Family Court Judge Sandra Pomrenze was described by attorneys as someone who “is drunk on her own power” and runs a “dictatorial” courtroom, according to the Las Vegas Review-Journal’s 2019 Judicial Performance Evaluation.
Her 28 percent retention score was the worst of the 89 judges evaluated this year. No other judge received a score below 40 percent.
And with 65 percent of the responding attorneys saying she fails to demonstrate courtesy and respect in the courtroom, Pomrenze could take the title of rudest sitting judge. In the last two performance evaluations, conducted in 2011 and 2013, Pomrenze also received her worst scores in the “courtesy” area.
“Judge Pomrenze is intellectually capable, but in my opinion, she frequently cloaks her self-doubt and lack of commitment to the soundness of her rulings with aggressiveness and dictatorial behavior in her courtroom,” one lawyer wrote in the anonymous comments portion of the 2019 survey.
Another said, “It’s a wonder she has not been removed from the bench. A miserable bully.”
Pomrenze, who came to Family Court in 2005 with no family law experience, declined multiple requests from the Review-Journal for an interview or a statement. Her term ends in January, and she previously has said she would not seek re-election.
Her retention score has been on the decline since at least 2010, when she received a score of 56 percent. The following year, 54 percent of lawyers recommended keeping her on the bench.
In 2013, when the last performance evaluation was conducted, she landed on the “do not retain” list for the first time with a retention score of 47 percent.
A November 2011 ruling from the Nevada Supreme Court in a custody case, in which a woman was seeking permission to move to Ohio with her three children, could have played a part in that dip.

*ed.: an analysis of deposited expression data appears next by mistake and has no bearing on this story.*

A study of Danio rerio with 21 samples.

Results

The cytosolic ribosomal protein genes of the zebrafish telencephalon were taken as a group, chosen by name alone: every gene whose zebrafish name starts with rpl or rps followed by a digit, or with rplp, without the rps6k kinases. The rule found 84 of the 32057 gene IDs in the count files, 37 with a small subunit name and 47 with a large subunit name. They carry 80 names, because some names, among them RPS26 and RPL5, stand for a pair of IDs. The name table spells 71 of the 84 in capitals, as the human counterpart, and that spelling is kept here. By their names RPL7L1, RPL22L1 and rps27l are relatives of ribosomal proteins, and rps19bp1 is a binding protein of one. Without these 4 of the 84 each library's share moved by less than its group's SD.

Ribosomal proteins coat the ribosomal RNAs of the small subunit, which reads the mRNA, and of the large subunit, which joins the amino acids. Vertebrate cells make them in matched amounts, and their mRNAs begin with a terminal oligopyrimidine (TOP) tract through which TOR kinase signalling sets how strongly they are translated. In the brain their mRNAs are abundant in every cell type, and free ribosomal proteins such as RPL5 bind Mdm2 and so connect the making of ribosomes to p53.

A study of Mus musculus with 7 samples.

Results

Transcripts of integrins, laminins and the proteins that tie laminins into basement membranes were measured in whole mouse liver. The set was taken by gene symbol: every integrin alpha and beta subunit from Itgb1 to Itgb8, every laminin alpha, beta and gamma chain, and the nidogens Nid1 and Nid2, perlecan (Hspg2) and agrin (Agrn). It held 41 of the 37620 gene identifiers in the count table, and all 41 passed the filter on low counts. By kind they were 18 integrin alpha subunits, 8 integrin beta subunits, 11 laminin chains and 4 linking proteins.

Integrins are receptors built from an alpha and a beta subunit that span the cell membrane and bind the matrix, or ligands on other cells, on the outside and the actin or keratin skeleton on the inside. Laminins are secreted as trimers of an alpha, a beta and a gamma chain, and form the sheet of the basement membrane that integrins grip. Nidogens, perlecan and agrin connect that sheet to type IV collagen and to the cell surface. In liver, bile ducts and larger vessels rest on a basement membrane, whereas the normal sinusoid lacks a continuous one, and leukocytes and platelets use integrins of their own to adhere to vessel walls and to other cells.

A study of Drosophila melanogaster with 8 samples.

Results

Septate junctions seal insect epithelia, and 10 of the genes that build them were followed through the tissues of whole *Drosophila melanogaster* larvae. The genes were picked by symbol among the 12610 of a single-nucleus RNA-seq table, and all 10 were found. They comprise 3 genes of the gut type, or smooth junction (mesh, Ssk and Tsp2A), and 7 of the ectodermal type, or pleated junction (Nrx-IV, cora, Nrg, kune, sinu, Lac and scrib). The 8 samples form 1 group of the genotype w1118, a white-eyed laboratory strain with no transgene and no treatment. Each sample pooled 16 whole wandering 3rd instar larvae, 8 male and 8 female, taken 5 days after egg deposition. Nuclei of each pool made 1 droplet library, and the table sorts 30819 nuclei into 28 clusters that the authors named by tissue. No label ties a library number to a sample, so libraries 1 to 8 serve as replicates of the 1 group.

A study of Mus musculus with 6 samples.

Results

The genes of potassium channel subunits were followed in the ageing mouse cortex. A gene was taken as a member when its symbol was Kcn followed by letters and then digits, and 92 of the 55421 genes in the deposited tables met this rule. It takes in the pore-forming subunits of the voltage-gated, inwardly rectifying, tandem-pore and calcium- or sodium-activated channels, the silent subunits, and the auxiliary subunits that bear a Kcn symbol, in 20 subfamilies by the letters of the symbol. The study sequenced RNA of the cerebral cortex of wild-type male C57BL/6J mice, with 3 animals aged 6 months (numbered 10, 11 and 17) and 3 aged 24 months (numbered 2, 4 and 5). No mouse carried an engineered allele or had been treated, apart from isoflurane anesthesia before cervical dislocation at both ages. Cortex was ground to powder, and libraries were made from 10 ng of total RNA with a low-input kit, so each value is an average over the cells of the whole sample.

At an initial hearing in the case, Pomrenze ruled she would not hold another hearing until the woman deposited $25,000 into a blocked account to cover the father’s attorney fees if she did not prevail on her motion to modify their joint custody agreement.
The Supreme Court, which found Pomrenze had “manifestly abused” her discretion, removed the judge from the case and reversed her $25,000 requirement.
But more recently, a judge ruled that Pomrenze appeared to violate judicial rules against harassment on the basis of race when she twice referred to a girl’s hair as “nappy” during a January 2018 custody hearing.
The child’s mother had filed a motion to disqualify Pomrenze, but Chief District Judge Elizabeth Gonzalez ultimately ruled that Pomrenze would not be removed from the case.
“While Judge Pomrenze’s comments about the texture of the child’s hair are certainly insensitive, no showing has been made of any lack of impartiality or improper conduct,” Gonzalez concluded.
In a statement to the Review-Journal at the time, Pomrenze said she considered the term to be “neutral.”
Twenty-one percent of responding attorneys in 2019 said Pomrenze has shown “bias on the basis of the race or ethnicity of the parties involved,” while 28 percent said she has exhibited gender bias.
“She really has it out for women!” one attorney said. Another wrote, “Judge Pomrenze, ironically, hates women, including your female family law client, and female attorneys. It is an open secret.”
Half the responding attorneys said she has shown bias on the basis of the parties or attorneys involved. One respondent wrote, “Judge Pomrenze plays favorites among lawyers.”
Fifty-seven percent of the responding attorneys do not think Pomrenze weighs all evidence and arguments fairly before coming to a decision, and 45 percent think her behavior is inconsistent.
Pomrenze and Family Court Judge Cheryl Moss tied for the lowest summary score — 3.0 on a weighted five-point scale — among all 89 judges rated. The score summarizes the results of the survey’s individual questions about performance.